Brent crude oil was down 62 cents at $56.32 a barrel by 1:43 p.m. ET.
The global crude market will rebalance next year if the Organisation of the Petroleum Exporting Countries (Opec) holds output at current levels - but oil prices are not expected to rise in 2018, a new forecast has suggested. USA light crude was down 67 cents to $50.63 a barrel.
Crude oil prices fell for the first time in three days as investors mulled over a mixed report from the Energy Information Administration (EIA) showing crude stockpiles fell more than expected while gasoline supplies swelled. Though Brent and WTI futures were responding negatively to the crude stock-build reported by the API early Thursday, the market will be looking to the corresponding EIA data later in the day for validation.
Crude oil futures slipped Thursday, put pared early losses after the government said USA oil inventories dropped last week.
Angola's production, based on direct communication, was 1.657 million barrels per day, a monthly drop of 23,000 barrels, with no data from Nigeria in this case.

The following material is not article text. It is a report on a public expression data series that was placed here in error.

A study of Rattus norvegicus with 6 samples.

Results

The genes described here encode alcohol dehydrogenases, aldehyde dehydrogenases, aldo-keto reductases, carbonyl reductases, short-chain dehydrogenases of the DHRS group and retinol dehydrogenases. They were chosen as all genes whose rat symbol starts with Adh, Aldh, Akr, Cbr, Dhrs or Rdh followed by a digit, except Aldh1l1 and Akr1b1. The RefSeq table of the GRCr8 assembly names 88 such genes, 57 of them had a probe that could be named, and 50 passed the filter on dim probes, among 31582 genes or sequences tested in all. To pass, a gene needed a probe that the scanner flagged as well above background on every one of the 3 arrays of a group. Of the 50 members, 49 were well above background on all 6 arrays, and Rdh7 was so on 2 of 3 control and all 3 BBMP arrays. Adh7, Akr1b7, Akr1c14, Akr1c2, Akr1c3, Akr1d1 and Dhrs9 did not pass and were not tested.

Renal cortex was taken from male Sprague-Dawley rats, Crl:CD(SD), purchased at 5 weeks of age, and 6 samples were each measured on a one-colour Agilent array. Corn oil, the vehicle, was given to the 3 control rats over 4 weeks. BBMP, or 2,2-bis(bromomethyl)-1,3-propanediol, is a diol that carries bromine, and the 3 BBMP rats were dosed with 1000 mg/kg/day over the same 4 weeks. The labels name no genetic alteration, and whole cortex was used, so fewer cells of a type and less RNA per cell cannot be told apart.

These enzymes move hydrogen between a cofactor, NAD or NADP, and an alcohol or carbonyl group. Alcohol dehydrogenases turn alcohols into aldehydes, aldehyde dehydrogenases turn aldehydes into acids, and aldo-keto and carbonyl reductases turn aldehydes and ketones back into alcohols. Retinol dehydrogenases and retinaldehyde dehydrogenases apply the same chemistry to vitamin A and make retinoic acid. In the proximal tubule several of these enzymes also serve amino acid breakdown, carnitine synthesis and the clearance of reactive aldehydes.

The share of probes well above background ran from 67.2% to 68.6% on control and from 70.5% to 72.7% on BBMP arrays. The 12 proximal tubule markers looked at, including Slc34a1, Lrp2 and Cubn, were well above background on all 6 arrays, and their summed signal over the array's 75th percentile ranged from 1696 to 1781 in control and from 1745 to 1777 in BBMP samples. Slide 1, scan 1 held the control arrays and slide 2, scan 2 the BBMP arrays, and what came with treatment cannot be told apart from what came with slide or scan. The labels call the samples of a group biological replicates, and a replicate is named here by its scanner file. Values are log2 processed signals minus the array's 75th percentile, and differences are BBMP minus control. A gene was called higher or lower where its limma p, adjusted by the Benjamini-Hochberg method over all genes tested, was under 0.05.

The International Energy Agency said on Thursday demand for OPEC oil would be 32.5 million bpd next year - around 150,000 bpd lower than the group pumped last month. The lowering of 2017 growth expectations should have been price-supportive, especially for WTI, but with this year nearing an end, attention will shift more to the output expectations for 2018, which at this point are bearish.
US exports fell in the most recent week to 1.27 million bpd, but USA exports have still exceeded 1 million barrels a day for three straight weeks, the first time this has happened. For 2018, oil demand is expected to rise by 420,000 bpd vs 400,000 bpd previously.